The UK car industry has run a good race in the post-Brexit lobbying stakes. But Britain’s chemical industry looks to be making a late run, if recent coverage in the Financial Times is accurate.
The issue for the industry is the post-Brexit regulatory regime and how this is to be disengaged from the current European model. The government plans to set up a UK agency to record the safety registrations for industrial chemicals.
But industry lobbyists are worried that this process – duplicative as they see it – could cost up to £1 billion, unless there is access to the test data held by ECHA (the European authority). And EU negotiators are apparently not that forthcoming on what the price for helping out might be.
Now the industry pleading might be completely accurate, but it’s unlikely to be the whole picture.
It’s quite plausible that industry costs would be reduced if UK negotiators made concessions to ‘buy’ this specific EU cooperation. But the key question is surely the extent to which the UK seizes the opportunity to examine its regulatory regime, and determine how it can most efficiently dovetail with external regimes, such as the EU’s.
The industry ought perhaps to be taking this opportunity to argue for a more focused and less costly regulatory regime for the benefit of UK consumers, while also making the case for cheaper workarounds, such as mutual recognition of products already registered with ECHA. But this approach would reduce the competitive advantage of the incumbent businesses lobbying the government, putting them on a more even footing with new entrants to the market.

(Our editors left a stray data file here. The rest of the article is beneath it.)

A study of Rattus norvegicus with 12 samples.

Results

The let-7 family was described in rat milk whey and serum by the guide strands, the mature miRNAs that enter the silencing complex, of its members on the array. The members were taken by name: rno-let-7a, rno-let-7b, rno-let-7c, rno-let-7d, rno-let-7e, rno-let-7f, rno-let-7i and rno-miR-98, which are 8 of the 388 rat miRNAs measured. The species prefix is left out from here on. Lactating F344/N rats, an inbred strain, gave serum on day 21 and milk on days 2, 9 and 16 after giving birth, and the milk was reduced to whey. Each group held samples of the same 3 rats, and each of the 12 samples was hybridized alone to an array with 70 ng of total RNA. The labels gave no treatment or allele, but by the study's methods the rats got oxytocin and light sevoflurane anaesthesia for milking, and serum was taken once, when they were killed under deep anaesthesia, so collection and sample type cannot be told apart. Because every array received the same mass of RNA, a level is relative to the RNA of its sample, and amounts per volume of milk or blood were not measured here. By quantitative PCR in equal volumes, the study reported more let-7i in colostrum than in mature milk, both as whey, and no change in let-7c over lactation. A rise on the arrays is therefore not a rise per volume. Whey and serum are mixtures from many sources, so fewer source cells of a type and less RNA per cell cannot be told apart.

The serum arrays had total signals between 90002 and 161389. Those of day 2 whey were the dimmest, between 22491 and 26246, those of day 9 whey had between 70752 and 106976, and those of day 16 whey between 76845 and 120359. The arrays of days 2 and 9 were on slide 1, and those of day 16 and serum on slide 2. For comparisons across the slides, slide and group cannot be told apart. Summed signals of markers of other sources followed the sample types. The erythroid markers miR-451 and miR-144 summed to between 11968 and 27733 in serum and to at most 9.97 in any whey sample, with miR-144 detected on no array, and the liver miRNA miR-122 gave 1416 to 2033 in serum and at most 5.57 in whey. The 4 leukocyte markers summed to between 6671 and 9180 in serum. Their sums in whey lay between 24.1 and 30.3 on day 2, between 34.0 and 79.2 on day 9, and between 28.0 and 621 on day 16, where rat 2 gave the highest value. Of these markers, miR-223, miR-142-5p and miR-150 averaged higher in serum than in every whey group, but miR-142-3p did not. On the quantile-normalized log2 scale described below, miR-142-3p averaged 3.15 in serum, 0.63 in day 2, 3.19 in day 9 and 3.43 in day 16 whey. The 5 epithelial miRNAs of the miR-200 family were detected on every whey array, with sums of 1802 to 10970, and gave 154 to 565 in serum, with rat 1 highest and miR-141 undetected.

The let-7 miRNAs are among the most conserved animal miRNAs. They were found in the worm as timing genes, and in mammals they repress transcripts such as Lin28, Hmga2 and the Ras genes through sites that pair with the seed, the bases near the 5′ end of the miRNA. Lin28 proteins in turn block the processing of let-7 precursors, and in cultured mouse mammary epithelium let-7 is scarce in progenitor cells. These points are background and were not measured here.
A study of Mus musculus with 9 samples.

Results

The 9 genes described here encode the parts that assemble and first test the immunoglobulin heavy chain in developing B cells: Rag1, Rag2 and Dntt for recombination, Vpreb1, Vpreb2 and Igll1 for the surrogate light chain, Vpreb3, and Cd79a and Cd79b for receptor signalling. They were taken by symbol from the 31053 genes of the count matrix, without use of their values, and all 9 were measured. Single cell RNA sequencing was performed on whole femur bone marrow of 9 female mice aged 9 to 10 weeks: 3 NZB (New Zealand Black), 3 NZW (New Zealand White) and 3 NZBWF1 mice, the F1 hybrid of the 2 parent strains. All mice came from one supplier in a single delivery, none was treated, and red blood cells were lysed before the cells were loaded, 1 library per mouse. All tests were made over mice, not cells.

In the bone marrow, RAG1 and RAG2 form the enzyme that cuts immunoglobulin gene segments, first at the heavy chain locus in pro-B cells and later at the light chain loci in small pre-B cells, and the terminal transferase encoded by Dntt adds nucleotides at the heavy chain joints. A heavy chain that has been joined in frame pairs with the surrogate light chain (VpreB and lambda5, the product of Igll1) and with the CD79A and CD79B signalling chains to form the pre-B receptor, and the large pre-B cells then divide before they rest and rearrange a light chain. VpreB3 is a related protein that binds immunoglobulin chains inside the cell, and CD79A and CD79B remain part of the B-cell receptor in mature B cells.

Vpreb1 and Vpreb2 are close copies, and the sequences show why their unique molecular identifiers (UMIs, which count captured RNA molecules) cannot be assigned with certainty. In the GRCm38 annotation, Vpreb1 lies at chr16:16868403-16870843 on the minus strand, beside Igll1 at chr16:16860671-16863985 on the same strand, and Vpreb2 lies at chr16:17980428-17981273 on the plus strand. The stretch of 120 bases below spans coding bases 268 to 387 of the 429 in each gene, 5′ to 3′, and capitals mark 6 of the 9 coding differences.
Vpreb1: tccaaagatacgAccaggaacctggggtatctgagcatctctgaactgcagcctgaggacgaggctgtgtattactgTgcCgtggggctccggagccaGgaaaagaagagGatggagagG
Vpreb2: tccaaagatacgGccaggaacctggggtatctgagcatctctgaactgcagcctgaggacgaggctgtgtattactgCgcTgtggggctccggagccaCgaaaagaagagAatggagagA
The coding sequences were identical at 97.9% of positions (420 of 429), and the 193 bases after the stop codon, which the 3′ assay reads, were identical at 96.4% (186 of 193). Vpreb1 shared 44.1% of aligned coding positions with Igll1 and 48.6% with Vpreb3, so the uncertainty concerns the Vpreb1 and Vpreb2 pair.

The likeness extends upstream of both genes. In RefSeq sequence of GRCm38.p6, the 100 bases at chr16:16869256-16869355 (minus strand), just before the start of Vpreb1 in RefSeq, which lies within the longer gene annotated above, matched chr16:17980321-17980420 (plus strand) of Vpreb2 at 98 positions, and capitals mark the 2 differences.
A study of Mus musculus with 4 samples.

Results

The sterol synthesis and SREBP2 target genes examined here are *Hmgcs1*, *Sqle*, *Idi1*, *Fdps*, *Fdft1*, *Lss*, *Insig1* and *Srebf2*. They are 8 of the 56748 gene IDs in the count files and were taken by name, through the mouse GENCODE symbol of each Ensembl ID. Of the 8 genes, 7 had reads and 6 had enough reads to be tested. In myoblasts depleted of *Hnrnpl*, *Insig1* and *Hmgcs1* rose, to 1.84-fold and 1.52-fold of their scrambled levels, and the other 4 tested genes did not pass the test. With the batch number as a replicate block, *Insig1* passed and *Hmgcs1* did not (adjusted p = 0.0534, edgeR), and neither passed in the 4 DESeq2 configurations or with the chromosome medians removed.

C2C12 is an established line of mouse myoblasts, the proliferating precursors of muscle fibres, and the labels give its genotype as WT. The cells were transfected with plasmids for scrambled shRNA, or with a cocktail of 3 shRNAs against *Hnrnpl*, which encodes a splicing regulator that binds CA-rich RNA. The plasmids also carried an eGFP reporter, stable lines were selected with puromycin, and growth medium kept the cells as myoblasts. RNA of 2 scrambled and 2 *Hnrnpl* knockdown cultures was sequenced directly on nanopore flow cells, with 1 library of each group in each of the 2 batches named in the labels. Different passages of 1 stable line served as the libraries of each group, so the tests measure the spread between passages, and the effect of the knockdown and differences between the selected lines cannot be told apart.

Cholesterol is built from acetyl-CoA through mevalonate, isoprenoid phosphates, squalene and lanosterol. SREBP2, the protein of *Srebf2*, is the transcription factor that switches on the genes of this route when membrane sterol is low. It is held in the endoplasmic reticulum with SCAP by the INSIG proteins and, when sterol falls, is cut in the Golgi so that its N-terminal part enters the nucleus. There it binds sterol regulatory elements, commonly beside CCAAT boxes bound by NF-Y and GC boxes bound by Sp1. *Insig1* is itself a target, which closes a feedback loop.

Observers might also see in this episode an illustration of the evolution of the EU-UK negotiations.
The immediate issue is the separation of a formerly shared process. Brussels does not seem inclined to recognise any UK contribution to the existing regulatory enterprise and indeed seems minded to charge a high price for a share. This might be standard practice in an acrimonious divorce but is less common in a negotiation where the parties anticipate a productive ongoing relationship.
And the continuing European hostility to a win-win approach seems to mirror a change in the British position. In this instance, rather than looking to negotiate a continuing relationship with ECHA, the UK’s preference is to establish its own agency with some duplicative processes. Underlying this would seem to be a reluctance to rely on the EU or its assurances.
If so, it is a useful example of how far the attitudes of UK ministers and officials have changed since the days of former PM Theresa May’s abortive Brexit deal at the end of 2018. She bet her political future on a deal which would have left the UK with a high level of dependence on such EU institutions and decisions – and lost.
Britain’s negotiators do now seem to understand that the EU is not offering great terms for a relationship based on mutuality. So their starting point needs to be how to maximise the benefits of separation, and conjointly open the UK more to the world beyond Europe. The likely result: a more independent UK – a goal apparently shared by the EU leadership and Brexiteers. Who would have thought that?